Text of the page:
Friday, September 25, 2009

Male breast cancer patients blame water at Marine base -

Editor's note: This is part one of a two-part series.

Jim Fontella was based at Camp Lejeune in 1966 and 1967. He was diagnosed with breast cancer in 1998.
Jim Fontella was based at Camp Lejeune in 1966 and 1967. He was diagnosed with breast cancer in 1998.

The sick men are Marines, or sons of Marines. All 20 of them were based at or lived at Camp Lejeune, the U.S. Marine Corps' training base in North Carolina, between the 1960s and the 1980s.

They all have had breast cancer -- a disease that strikes fewer than 2,000 men in the United States a year, compared with about 200,000 women. Each has had part of his chest removed as part of his treatment, along with chemotherapy, radiation or both.

And they blame their time at Camp Lejeune, where government records show drinking water was contaminated with high levels of toxic chemicals for three decades, for their illnesses.

"We come from all walks of life," said Mike Partain, the son and grandson of Marines, who was born on the base 40 years ago. "And some of us have college degrees, some of us have blue-collar jobs. We are all over the country. And what is our commonality? Our commonality is that we all at some point in our lives drank the water at Camp Lejeune. Go figure."

Starting in 1980, tests showed drinking water at Camp Lejeune had been "highly contaminated" with solvents. Several wells that supplied water to the base were found to have been contaminated in 1984 and 1985, and were promptly taken out of service after the pollutants were found, the Marine Corps told CNN.

Among the chemicals later identified in the drinking water were trichloroethylene, a degreaser; benzene; and the dry cleaning solvent perchloroethylene. Two independent studies have found no link between water contamination and later illnesses, according to the Marine Corps. But the men facing a debilitating and possibly lethal disease don't buy it.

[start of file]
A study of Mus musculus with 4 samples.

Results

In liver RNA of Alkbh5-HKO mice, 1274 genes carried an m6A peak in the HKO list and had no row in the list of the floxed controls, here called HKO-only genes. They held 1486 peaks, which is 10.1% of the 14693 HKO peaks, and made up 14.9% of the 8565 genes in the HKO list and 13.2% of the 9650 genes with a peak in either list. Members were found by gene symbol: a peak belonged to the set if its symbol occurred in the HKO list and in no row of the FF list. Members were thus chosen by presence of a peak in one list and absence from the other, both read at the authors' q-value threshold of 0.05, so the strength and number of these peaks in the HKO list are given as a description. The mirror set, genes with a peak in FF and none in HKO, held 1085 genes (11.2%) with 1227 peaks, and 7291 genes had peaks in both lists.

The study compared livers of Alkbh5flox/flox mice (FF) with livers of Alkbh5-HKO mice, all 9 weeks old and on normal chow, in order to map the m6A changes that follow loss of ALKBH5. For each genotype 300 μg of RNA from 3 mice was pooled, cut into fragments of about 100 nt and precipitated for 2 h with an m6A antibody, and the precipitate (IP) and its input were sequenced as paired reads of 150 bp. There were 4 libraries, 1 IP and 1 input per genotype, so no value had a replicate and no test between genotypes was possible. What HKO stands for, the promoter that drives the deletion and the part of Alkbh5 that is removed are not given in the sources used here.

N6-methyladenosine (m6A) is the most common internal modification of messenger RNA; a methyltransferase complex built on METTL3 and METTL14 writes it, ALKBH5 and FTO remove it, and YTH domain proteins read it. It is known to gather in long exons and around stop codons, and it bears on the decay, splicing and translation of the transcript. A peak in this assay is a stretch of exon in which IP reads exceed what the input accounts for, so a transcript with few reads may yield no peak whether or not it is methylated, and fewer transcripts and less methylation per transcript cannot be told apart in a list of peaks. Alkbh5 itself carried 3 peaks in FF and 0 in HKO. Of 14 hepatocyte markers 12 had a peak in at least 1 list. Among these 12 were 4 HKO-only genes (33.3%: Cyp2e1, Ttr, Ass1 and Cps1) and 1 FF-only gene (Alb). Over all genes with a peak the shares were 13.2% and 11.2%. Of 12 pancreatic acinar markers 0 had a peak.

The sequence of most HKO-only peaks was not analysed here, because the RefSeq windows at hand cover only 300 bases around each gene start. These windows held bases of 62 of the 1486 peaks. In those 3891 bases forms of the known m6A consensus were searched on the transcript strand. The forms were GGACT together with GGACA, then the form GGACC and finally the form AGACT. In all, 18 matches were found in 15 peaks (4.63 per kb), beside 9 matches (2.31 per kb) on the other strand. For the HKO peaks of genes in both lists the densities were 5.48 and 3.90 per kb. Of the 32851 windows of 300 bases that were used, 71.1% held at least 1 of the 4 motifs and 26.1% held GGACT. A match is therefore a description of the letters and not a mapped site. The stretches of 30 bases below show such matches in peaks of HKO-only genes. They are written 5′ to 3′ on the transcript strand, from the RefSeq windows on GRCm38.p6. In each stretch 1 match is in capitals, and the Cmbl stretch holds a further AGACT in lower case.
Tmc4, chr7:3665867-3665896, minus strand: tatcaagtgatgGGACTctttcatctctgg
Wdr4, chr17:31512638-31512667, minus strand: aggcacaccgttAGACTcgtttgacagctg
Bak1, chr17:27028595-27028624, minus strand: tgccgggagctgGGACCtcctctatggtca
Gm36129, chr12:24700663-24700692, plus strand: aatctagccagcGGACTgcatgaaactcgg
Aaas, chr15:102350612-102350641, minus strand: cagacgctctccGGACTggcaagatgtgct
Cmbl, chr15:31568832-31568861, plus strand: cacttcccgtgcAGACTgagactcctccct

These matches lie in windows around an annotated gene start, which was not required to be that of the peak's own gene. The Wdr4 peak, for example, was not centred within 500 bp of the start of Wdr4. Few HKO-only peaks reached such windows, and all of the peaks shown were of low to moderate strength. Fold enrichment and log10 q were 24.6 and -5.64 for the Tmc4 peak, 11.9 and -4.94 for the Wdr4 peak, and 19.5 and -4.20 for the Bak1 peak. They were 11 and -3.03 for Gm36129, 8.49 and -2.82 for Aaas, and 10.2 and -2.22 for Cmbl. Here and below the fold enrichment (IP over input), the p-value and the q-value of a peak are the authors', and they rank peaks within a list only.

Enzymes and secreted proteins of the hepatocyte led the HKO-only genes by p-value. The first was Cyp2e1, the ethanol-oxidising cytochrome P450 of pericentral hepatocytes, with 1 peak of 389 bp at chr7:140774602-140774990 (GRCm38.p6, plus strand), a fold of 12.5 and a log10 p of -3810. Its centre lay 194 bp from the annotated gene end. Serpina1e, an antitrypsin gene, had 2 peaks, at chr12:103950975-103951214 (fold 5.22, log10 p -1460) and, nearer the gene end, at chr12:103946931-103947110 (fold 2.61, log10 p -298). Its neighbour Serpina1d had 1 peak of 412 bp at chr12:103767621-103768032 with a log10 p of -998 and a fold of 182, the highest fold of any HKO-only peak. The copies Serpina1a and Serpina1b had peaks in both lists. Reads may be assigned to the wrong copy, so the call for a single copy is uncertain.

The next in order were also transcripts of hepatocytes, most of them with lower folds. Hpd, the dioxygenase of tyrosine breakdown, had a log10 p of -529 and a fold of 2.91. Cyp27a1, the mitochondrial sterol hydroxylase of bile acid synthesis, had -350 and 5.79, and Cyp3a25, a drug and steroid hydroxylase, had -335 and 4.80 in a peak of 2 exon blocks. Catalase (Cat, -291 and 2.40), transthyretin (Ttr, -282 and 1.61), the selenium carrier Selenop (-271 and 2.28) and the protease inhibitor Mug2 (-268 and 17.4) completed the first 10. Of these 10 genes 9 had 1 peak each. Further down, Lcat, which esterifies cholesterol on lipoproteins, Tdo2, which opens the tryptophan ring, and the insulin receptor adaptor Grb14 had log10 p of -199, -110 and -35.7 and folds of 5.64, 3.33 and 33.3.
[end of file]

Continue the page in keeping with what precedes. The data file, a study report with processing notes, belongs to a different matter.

"That's literally unheard of to have 20 men come from the same place, walking on the same dirt, drinking the same water," said Jim Fontella, who was based at the camp in 1966 and 1967. "I mean, there has to be a link there somehow. And they're saying that it couldn't happen."

Fontella, a Detroit native who fought in Vietnam, was diagnosed with breast cancer in 1998. When it returned after surgery, spreading to his spine and back, he "kind of manned up to it after a while and expected to die."

"Once you have metastasis in the bone, it's basically just a matter of time before you die, you know," he told CNN. "Luckily I have already passed my due date by five years. I outlived that death sentence I got."

Fontella is one of seven male breast cancer survivors who spent time at Camp Lejeune who spoke to CNN. Fontella said at the time of his diagnosis, he didn't know men could get breast cancer.

Peter Devereaux, who was diagnosed with breast cancer in 2008, was based at Camp Lejeune in 1981 and 1982. The cancer spread to his spine, ribs and hips.

"The difference with metastatic breast cancer means now there's no cure. So the average life expectancy is two to three years," Devereaux told CNN.

"Being a man, I try to take care of my wife and my daughter," he said, his voice catching. "Now that I'm considered disabled because I can no longer work and use my arms, you're having challenges."